Getting people back to work and businesses into empty office buildings downtown is the goal of a $250 million package being proposed by D.C. Mayor Muriel Bowser. Much of the money would come from the federal American Rescue Plan.
The proposal is part of Bowser’s 2022 “Fair Shot” budget outline, which puts a big focus on paid opportunities, such as apprenticeships and on-the-job training.
“Our mayor knows that by investing almost $6 million in rapid reskilling, we can give Washingtonians without a bachelor’s degree a fair shot at getting credentials they need for good-paying, high-demand careers,” said Unique Morris-Hughes, the director of D.C.’s Department of Employment Services.
Also, $9 million for apprenticeships would help people enter careers in construction, IT, health care, solar and other industries.
“We are building a talent pipeline,” she said.
Noting that the budget proposal shows the District has committed to provide training, coaching and support services for workers, the chair of the D.C. Workforce Investment Council said businesses also need to do their part.
“We need to have industry partners step up and be providers of those careers that people so desperately want,” said Antwanye Ford, president and CEO of Enlightened Inc. and the council’s board chair. “I did not say jobs — I said careers.”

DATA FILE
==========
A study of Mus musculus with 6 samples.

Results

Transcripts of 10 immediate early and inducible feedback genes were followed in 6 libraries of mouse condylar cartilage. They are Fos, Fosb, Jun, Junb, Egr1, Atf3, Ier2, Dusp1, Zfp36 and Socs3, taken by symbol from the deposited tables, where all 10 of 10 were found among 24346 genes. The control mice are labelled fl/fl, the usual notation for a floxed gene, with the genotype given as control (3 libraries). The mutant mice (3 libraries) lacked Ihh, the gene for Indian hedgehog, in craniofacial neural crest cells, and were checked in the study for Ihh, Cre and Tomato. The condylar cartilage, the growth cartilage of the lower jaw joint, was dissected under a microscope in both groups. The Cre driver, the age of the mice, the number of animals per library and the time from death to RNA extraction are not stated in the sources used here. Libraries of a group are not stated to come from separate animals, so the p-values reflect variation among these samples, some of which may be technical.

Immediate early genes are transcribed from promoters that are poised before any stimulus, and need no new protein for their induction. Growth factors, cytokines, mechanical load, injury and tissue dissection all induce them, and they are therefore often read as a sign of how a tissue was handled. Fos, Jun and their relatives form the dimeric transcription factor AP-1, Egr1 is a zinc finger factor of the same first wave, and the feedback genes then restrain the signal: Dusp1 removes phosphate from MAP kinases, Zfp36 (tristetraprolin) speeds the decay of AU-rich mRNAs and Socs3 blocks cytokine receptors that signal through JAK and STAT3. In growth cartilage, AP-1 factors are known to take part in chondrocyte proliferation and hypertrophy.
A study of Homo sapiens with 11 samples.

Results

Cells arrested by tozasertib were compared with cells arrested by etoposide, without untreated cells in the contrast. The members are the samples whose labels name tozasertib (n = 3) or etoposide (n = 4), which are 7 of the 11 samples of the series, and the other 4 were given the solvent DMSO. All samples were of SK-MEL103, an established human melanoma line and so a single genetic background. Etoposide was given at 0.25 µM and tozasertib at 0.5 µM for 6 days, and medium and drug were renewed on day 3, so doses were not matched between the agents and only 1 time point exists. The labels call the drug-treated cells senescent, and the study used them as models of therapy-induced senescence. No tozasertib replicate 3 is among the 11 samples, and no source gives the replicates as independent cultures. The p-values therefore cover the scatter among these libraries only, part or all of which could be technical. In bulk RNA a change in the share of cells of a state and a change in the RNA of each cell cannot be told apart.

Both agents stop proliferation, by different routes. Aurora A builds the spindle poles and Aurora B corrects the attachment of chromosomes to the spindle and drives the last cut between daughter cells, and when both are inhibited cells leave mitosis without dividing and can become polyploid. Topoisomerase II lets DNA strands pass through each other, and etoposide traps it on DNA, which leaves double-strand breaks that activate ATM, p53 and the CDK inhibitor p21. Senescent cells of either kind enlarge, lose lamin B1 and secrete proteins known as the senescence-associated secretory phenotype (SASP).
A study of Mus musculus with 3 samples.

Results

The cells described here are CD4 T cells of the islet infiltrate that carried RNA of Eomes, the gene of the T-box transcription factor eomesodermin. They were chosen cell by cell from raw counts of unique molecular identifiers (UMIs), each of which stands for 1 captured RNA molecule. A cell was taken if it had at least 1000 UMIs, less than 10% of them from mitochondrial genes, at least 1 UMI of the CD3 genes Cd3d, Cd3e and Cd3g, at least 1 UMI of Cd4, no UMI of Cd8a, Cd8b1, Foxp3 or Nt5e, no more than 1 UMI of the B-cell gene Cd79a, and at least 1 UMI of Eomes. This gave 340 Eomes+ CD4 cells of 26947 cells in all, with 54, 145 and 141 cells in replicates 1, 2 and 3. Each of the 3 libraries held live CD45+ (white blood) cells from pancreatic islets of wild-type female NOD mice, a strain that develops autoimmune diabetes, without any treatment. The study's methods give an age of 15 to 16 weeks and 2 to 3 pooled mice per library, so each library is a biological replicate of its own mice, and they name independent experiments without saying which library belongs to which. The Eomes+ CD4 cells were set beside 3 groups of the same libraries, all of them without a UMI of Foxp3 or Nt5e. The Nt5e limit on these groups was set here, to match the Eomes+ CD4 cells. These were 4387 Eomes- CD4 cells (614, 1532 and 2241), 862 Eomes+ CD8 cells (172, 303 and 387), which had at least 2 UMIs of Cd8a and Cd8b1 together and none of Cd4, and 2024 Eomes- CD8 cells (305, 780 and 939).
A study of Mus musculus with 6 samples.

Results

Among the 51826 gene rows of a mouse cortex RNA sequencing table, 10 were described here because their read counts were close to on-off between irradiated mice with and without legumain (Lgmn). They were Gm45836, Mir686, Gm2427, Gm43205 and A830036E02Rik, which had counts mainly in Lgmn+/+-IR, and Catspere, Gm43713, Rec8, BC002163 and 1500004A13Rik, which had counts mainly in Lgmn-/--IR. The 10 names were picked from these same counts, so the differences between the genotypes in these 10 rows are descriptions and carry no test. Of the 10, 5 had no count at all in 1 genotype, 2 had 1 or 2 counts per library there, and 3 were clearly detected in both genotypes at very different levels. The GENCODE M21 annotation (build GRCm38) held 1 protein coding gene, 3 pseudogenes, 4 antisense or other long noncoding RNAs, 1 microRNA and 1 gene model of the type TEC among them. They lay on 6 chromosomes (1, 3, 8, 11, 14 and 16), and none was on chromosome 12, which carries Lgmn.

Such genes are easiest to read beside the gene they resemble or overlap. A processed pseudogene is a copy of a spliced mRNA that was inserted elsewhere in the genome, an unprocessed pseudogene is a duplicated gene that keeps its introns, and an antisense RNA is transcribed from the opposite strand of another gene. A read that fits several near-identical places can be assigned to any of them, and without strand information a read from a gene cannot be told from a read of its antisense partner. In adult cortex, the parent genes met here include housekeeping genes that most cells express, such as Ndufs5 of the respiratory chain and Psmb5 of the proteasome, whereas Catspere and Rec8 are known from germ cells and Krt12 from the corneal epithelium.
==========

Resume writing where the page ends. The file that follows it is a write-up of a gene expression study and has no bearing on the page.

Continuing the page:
The proposal includes $30 million to attract high-impact employers.
“That gives us another tool, a powerful tool in our toolbox to attract new companies,” Bowser said. “It’s true we’re the best city in the world, but there are a lot of regions and cities out there right now competing with us, and they’re not doing it with two hands tied behind their back, and we have to be prepared to compete as well,” she said.
Millions of dollars are proposed to help employers with staff support to find the right space to locate and grow businesses in the central business district downtown and to interact with D.C.’s Office of Planning and Economic Development, as well as the Washington DC Economic Development Partnership.
Another $4 million will help the Golden Triangle Innovation District downtown attract tech companies focusing on telehealth and telemedicine.